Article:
When it comes to database replication, what is the use of global transaction identifiers? Why do we need to prevent concurrency across the servers? How is that prevention achieved exactly?
I tried to read the documentation at http://dev.mysql.com/doc/refman/5.7/en/replication-gtids.html but still could not understand it clearly. This may sound very basic but I would really appreciate if someone can explain the concepts to me.
A master is the only server that is typically written to, so that slaves merely rebuild a copy of the master by applying each transaction in sequence.
It is also important to understand that MySQL replication can run in one of 3 modes:
- Statement-based: Each SQL statement is logged to the binlog and replicated as a statement to the slave. This can be in some cases ambiguous at the slave causing the data to not match exactly. (Most of the time it is fine for common uses).
- Row-based: In this mode MySQL replicates the actual data changes to each table, with a "before" and "after" picture of each row, which is fully accurate. This can result in a much larger binlog, for example if you have a bulk update query, like: UPDATE t1 SET c1 = 'a' WHERE c2 = 'b'.
- Mixed: In this mode, MySQL will use a mix of statement-based and row-based logging in the binlog.
I only mention the modes of replication, because it is mentioned in the doc you referenced that Row-based is the recommended option if you are using GTIDs.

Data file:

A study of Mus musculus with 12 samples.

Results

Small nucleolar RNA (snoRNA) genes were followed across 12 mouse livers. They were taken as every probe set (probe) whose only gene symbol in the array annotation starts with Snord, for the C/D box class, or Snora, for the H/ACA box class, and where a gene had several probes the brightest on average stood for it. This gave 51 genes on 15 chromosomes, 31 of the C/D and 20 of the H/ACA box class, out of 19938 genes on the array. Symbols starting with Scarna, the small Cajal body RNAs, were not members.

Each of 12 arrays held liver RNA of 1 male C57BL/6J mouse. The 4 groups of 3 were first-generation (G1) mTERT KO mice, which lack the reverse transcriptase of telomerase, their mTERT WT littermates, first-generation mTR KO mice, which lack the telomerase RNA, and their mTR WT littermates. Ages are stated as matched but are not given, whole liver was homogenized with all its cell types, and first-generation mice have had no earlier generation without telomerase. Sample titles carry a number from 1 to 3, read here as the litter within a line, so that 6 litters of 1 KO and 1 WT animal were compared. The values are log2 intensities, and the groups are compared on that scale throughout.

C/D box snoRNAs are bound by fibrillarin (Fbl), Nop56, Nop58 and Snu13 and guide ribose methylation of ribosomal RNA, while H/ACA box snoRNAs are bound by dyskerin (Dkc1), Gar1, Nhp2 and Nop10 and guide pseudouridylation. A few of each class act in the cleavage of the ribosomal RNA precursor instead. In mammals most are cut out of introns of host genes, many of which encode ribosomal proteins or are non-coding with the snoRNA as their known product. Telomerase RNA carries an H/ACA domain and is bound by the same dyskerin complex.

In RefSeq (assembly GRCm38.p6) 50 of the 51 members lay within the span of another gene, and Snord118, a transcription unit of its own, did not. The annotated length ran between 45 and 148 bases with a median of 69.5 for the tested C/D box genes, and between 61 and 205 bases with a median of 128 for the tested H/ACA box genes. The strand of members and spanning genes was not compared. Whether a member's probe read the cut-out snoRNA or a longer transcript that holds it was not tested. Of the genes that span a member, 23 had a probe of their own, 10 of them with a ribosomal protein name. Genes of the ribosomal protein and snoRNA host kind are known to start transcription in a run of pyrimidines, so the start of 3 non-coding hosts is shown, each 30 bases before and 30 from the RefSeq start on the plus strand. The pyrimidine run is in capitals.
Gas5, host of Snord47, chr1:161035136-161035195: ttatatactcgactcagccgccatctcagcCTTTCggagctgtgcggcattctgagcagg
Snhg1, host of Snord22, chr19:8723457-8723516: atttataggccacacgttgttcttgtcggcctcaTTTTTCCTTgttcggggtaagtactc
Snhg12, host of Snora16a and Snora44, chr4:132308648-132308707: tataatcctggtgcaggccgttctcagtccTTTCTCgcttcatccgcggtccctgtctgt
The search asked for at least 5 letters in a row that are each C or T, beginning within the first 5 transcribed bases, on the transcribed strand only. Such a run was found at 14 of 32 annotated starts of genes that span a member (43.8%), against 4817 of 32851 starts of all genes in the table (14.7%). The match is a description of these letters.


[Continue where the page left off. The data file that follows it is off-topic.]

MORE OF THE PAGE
There is another option called Master-Master replication, where you can write to two masters (each acting as a slave for the other), but this requires a special configuration to ensure that the data written to each master is unique. It is much trickier to manage than a typical Master/Slave setup.
Therefore, the prevention of writes to a Slave is something that you must ensure from your application for a typical replication process to function correctly. It is fine to read from a Slave, but you should not write to it. Note that the Slave can be behind the Master if you are using it for reads, so it is best to perform queries for things that can be behind the Master (like reports that are not critical up to the second or millisecond). You can ensure no writes to the Slave by making your common application user a read-only user for the Slave server, and a read-write user for the Master.